SEC Implements Dodd-Frank Reporting and Dissemination Rules for Security-Based Swaps

The following post comes to us from Arthur S. Long, partner in the Financial Institutions and Securities Regulation practice groups at Gibson, Dunn & Crutcher LLP, and is based on the introduction of a Gibson Dunn publication; the complete publication, including footnotes and charts, is available here.

Implementation of the derivatives market reforms contained in Title VII of the Dodd-Frank Wall Street Reform and Consumer Protection Act of 2010 (Dodd-Frank Act) may fairly be characterized as a herculean effort. The Commodity Futures Trading Commission (CFTC) has finalized dozens of new rules to implement Title VII’s provisions governing “swaps.” Although Title VII requires the Securities and Exchange Commission (SEC or Commission) to implement similar provisions for “security-based swaps” (SBSs), the SEC’s rulemaking process has lagged the CFTC’s.

Earlier this year, the SEC finalized two of its required rules: one (Final Regulation SBSR) governs the reporting of SBS information to registered security-based swap data repositories (SDRs) and related public dissemination requirements; the other covers the registration and duties of SDRs (SDR Registration Rule). Additionally, the SEC published a proposed rule to supplement Final Regulation SBSR that addresses, among other things, an implementation timeframe, the reporting of cleared SBSs and platform-executed SBSs, and rules relating to SDR fees (Proposed Regulation SBSR). Comments on Proposed Regulation SBSR must be submitted to the SEC by May 4, 2015.

This post focuses on Final Regulation SBSR and Proposed Regulation SBSR, which create a reporting and public dissemination regime for market participants that engage in SBSs akin to Parts 43, 45 and 46 of the CFTC’s swap regulations. We discuss the key aspects of these rules and how they will affect SBS market participants. Because many market participants have already gone through the implementation process with respect to the CFTC’s swap reporting rules, we also discuss some of the key differences between Final Regulation SBSR and the final CFTC reporting rules: a comparison of the SEC and CFTC rules is contained in a chart at the end of the full publication, available here.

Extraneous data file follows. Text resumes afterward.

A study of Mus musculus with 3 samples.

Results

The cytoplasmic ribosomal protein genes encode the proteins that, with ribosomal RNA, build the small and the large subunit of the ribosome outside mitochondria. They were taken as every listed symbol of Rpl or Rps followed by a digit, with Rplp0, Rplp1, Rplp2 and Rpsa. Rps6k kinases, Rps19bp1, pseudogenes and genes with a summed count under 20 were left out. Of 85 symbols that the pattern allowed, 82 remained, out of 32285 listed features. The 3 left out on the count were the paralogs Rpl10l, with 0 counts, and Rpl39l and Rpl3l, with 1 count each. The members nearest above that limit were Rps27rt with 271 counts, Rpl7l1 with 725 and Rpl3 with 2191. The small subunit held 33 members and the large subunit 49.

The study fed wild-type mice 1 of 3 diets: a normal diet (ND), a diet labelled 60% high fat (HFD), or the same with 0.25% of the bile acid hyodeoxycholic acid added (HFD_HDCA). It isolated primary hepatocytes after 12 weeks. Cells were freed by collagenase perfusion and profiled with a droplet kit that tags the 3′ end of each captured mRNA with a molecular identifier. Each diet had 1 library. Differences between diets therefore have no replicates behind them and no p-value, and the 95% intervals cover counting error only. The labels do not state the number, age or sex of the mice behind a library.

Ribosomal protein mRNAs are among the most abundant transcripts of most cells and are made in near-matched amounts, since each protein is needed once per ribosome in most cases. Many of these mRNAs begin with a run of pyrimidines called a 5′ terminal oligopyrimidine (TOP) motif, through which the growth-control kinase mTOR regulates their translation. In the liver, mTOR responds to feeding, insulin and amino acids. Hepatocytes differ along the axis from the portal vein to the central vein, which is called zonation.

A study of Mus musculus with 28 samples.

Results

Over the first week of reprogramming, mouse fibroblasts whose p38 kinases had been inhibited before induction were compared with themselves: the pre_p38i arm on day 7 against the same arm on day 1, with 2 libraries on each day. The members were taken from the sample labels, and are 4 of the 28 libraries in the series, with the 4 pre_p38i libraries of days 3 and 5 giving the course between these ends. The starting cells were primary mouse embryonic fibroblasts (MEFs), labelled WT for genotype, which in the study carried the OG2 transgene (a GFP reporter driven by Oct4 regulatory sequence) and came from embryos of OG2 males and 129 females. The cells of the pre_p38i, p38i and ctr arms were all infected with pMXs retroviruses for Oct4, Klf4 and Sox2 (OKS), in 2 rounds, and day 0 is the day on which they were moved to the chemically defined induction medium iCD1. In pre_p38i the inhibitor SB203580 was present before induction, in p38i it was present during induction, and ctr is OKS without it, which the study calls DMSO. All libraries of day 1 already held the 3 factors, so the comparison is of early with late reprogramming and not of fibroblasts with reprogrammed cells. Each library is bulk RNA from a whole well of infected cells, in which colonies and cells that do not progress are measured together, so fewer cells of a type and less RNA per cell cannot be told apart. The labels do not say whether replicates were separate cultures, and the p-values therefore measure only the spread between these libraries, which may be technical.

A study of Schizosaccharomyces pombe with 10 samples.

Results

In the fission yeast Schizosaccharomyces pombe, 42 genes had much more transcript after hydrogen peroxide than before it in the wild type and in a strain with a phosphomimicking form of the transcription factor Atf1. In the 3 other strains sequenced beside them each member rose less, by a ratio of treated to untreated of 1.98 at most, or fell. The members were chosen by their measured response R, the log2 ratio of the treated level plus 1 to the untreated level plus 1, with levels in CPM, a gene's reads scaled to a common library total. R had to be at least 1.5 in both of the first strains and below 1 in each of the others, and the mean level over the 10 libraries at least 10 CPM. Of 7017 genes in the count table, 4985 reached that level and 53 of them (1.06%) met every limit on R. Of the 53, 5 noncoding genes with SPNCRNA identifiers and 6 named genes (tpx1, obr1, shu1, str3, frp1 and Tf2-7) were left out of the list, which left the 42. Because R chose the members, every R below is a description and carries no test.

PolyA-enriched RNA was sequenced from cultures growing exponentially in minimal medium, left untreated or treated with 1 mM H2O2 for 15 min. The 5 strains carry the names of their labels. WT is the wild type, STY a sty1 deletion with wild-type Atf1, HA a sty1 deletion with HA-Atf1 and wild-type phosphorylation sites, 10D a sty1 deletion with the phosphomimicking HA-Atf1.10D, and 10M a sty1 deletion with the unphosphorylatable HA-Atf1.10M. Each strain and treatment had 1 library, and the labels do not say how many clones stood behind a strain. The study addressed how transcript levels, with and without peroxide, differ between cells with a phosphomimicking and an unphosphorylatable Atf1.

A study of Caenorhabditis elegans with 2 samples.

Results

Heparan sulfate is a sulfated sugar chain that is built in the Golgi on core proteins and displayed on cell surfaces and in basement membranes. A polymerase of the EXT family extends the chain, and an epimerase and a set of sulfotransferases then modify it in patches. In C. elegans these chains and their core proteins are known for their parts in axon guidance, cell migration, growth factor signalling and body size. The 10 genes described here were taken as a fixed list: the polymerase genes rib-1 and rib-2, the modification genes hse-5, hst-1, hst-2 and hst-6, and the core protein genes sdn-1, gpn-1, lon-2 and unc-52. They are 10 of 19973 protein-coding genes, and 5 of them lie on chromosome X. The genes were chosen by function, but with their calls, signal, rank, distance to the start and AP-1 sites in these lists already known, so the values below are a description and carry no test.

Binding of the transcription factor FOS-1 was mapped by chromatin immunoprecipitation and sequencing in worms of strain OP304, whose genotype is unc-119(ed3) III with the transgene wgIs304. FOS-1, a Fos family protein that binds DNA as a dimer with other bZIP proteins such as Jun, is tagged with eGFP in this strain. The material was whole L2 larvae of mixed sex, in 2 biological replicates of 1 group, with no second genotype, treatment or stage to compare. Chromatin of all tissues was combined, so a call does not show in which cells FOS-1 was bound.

Under the Dodd-Frank Act, the CFTC has jurisdiction over foreign exchange, interest rate, and other commodity derivatives, as well as credit default and equity derivatives based on indices, two or more loans, and a broad-based (10 or more) group of securities. The SEC’s jurisdiction is limited to credit default and equity derivatives based on a single security or loan or a narrow-based (9 or fewer) group or index of securities (including any interest therein or the value thereof), or events relating to a single issuer or issuers of securities in a narrow-based security index.

Section 763 of the Dodd-Frank Act added Section 13A and 13(m) to the Securities Exchange Act of 1934 (Exchange Act) and authorized the SEC to promulgate rules relating to the reporting and public dissemination of SBS transaction data. Exchange Act Section 13A authorizes the SEC to promulgate rules regarding the reporting of SBS transaction and pricing data to registered SDRs. Exchange Act Section 13(m)(1) authorizes the SEC to promulgate rules regarding the public dissemination of SBS transaction and pricing data.

On January 14, 2015, the SEC, by party-line votes of 3-2, adopted Final Regulation SBSR, the SDR Registration Rule and Proposed Regulation SBSR. Commissioner Daniel M. Gallagher issued a dissenting statement noting that the proposal was not yet “ready for prime time” as the final release was “replete with references to anticipated future rulemaking.” Commissioner Michael S. Piwowar echoed Commissioner Gallagher’s concerns and stated that the rules were hastily adopted “in order to achieve ideological ends without sufficient justification.”

The SEC’s rules establish a two-step process that allows for the reporting of SBS data for use by regulators and for the dissemination of transaction and pricing data to the public in real time. Final Regulation SBSR places a reporting obligation on one party to an SBS transaction to provide detailed information about such transaction to an SDR. Final Regulation SBSR next requires the SDR to disseminate that information to the public in real time after such information is received.

The complete publication, including footnotes and charts, is available here.